In 2015, Indiana politicians insisted that they could save “between 10 percent and 20 percent” on the cost of schools and other public works, while “opening doors of opportunity” by repealing the state’s prevailing wage law– known as the common construction wage.
It looks like they were wrong.
New research from the Midwest Economic Policy Institute and Colorado State University economist Kevin Duncan has found that repeal of Indiana’s prevailing wage law has not only shrunk wages and increased income inequality, it has failed to make construction projects any cheaper.
Enacted in the 1930s, Indiana’s common construction wage created local-market minimum wages for different types of skilled construction work. Its purpose was to ensure that contractors competing for state projects did so based on core construction competencies, as opposed to who could pay workers performing dangerous and difficult jobs the least. This minimized the risk of shoddy work, put local businesses on a level playing field with firms from out of town, and helped the industry recruit and retain a stable supply of skilled workers—each of which were significant problems at the time.
Now, Indiana has new problems.
According to publicly available data, in the 18 months following repeal, the state’s average hourly construction pay dropped by 8 percent. Wages for the lowest-paid Hoosier construction workers have dropped by 15 percent. Looking at northern Indiana’s 335 school construction projects from 2013-2017, we found that there was no statistical difference in average school construction costs following repeal.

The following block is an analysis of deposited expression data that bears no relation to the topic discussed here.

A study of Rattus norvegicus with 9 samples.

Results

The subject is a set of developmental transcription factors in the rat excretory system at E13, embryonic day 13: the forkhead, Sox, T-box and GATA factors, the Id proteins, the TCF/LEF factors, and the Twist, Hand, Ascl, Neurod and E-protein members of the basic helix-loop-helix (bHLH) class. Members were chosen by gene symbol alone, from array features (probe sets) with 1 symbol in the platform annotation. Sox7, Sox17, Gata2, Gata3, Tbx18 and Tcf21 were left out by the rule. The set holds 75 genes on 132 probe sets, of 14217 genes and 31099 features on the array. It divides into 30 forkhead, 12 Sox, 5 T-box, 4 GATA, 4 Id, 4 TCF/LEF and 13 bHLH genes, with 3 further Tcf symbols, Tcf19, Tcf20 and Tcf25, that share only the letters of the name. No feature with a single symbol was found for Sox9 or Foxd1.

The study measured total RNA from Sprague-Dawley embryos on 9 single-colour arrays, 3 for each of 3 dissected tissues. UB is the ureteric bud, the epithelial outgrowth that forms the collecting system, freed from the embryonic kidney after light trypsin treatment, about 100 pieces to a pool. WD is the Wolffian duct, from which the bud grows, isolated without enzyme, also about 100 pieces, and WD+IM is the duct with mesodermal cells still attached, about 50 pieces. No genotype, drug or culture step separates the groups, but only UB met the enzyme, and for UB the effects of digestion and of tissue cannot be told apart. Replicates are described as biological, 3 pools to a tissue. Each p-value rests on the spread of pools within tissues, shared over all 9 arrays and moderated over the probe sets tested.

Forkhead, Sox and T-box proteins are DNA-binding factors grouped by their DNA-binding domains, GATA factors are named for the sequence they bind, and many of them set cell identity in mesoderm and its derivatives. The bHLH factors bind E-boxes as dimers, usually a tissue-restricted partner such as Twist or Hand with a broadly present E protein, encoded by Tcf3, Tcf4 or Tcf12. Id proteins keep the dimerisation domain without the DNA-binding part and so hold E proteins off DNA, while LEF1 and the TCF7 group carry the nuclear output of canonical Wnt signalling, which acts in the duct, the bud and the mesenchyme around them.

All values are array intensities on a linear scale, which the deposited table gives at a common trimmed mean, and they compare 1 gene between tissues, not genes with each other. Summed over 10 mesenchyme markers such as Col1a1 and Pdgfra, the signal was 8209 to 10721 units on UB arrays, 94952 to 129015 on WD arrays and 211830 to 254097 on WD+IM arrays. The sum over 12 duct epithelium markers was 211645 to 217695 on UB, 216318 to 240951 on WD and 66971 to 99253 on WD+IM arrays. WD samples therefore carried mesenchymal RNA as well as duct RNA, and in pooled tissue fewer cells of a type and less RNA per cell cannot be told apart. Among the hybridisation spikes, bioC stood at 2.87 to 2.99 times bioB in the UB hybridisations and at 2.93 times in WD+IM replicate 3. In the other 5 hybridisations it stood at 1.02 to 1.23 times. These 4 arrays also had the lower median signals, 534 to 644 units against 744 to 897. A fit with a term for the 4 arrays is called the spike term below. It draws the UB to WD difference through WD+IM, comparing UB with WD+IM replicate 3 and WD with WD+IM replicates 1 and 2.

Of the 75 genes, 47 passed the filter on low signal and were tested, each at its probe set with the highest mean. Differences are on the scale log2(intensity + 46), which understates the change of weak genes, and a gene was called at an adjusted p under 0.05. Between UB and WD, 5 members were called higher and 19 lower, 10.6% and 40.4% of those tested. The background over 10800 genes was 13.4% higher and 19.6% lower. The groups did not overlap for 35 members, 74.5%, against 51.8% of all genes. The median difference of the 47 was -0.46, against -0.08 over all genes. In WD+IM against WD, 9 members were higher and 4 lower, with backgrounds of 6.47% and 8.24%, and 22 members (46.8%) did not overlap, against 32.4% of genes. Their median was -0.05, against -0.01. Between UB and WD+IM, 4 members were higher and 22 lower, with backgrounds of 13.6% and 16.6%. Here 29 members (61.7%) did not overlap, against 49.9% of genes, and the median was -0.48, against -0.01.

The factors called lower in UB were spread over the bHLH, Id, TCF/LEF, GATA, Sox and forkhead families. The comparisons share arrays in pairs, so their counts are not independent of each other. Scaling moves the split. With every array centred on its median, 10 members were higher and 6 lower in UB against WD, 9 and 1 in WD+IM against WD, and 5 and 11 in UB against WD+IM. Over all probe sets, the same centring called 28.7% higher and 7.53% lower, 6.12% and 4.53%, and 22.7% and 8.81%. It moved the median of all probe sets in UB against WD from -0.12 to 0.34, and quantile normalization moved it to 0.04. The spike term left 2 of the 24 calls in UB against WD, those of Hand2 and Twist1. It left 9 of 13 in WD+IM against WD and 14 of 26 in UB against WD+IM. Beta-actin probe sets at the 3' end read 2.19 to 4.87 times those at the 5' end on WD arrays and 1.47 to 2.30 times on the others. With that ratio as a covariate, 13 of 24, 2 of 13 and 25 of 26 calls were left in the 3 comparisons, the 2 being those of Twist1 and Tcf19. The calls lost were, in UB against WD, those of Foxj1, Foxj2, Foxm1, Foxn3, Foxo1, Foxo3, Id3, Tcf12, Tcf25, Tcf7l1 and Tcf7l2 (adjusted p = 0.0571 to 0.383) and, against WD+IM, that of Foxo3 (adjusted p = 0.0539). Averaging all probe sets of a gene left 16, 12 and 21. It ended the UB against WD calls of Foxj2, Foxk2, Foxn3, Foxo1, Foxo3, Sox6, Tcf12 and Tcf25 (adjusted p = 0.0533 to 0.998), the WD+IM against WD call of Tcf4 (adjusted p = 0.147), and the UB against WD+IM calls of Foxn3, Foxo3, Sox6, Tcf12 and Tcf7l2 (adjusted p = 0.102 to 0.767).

Or, in the words of Assistant Indiana House Floor Leader Ed Soliday, “It hasn’t saved a penny.”
To understand how pro-repeal politicians could have been so wrong, it is important to consider the underlying dynamics of the construction industry. First, blue-collar wages and benefits only account for around 20 percent of total project costs. It is simply not mathematically possible to wage-cut your way to the project savings that were promised.
Second, lower construction wages attract lower skilled workers. This translates to less efficiency on the jobsite and a less-productive workforce. Both outcomes are costly.
This is precisely what has happened in Indiana. Since repeal of the common construction wage, the percentage of construction workers without a high school diploma has jumped 4.5 percent, and employee turnover has increased. As a result, the state’s construction workforce productivity lagged more than 5 percent behind neighboring states with strong prevailing wage laws.
Notably, the data from northern Indiana school construction projects showed that prevailing wage repeal had no effect on the union share of the construction market. However, by removing the wage floor for those workers not otherwise covered by collective bargaining agreements, there is no question that repeal has hurt Indiana’s non-union construction workers the most.
On the question of job creation more broadly, our research parallels prior studies that have linked the local-market standards reflected in prevailing wage laws with higher rates of local hiring. For example, when Indiana started weakening its prevailing wage law in 2012, its southern-most counties saw hundreds of public works jobs leave the state. Since repealing common construction wage in 2015, that trend has continued. Indiana has seen its public works construction job growth lag behind neighboring states with prevailing wage laws.
Ultimately, the research reveals that repeal of the common construction wage has failed to deliver for Indiana taxpayers and the economy. Instead, it has shrunk wages, eroded standards of workmanship, and slowed industry job growth.
Manzo is the policy director of the Illinois Economic Policy Institute.